The Philippines' Supreme Court chief justice warned on Wednesday that the country's civil rights were under grave threat as she faces all-but-certain impeachment by allies of President Rodrigo Duterte.
Maria Lourdes Sereno spoke out as the Philippine House of Representatives prepared to vote Thursday on whether to proceed with her impeachment following a threat by Duterte that she would be forced out.
Sereno has clashed with the president on issues like the independence of the judiciary as well as rights issues linked to Duterte's centrepiece "war on drugs" which has left thousands dead at the hands of police or shadowy vigilantes.
Duterte in turn vowed last year to impeach Sereno, accusing her of excessive spending and other abuses of power -- a move slammed by critics as the latest in a series of measures by the president to muzzle his critics.
"The current state of the nation is one where perceived enemies of the dominant order are considered fair game for harassment, intimidation and persecution," she said in a speech at a prominent women's school.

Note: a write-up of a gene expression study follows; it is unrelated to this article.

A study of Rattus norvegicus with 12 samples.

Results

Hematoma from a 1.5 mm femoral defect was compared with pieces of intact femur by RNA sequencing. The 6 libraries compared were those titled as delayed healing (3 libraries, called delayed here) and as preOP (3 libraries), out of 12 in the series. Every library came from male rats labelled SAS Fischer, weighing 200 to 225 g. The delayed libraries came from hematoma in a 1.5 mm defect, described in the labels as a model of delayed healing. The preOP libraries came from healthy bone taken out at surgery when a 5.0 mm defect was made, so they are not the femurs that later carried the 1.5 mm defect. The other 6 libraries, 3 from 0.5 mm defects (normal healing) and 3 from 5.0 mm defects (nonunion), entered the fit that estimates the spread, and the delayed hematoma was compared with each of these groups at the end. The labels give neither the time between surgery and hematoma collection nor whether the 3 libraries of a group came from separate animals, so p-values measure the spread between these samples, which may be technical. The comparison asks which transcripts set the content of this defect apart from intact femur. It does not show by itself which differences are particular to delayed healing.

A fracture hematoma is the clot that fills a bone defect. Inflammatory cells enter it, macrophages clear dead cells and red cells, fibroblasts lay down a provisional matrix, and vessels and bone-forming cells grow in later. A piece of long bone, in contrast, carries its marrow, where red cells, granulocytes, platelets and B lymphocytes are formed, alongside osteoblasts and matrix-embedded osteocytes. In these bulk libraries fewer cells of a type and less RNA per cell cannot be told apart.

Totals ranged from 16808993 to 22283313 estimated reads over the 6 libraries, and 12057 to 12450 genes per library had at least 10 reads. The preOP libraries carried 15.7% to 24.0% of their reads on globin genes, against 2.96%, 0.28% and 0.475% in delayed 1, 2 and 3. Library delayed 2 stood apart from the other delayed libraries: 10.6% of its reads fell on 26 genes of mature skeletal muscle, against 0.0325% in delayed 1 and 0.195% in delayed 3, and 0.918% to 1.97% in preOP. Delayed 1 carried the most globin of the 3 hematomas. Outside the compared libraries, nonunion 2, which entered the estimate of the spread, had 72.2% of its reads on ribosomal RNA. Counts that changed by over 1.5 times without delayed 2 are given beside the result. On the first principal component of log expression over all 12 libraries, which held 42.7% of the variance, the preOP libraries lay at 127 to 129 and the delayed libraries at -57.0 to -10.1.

She said "short cuts are preferred over adherence to constitutional guarantees of human rights", due process was being dispensed with and fake news used to manipulate the public.
"Every erosion of the bill of rights hits the poor and unknowing the hardest," she added, urging the public to openly denounce perceived abuses.
"Be not silent, nor afraid, nor compromising in attitude," she said.
The vote at the House committee on justice is the start of a process that could see Sereno removed from office by way of a trial in the Senate.
Since taking office in mid-2016, Duterte and his allies have jailed an opposition senator, publicly castigated media agencies that criticised him, and attempted to sideline human rights and anti-graft agencies.
The president enjoys widespread support and his allies control both houses of Congress.
Although she did not mention the fiery president by name, Sereno assailed the attempt to re-write the constitution, a key project of Duterte and his allies.
"Checks and balances that are designed to work, indeed work," she said, citing constitutional guarantees for transparency and accountability.
Sereno has said the charges against her were fabricated.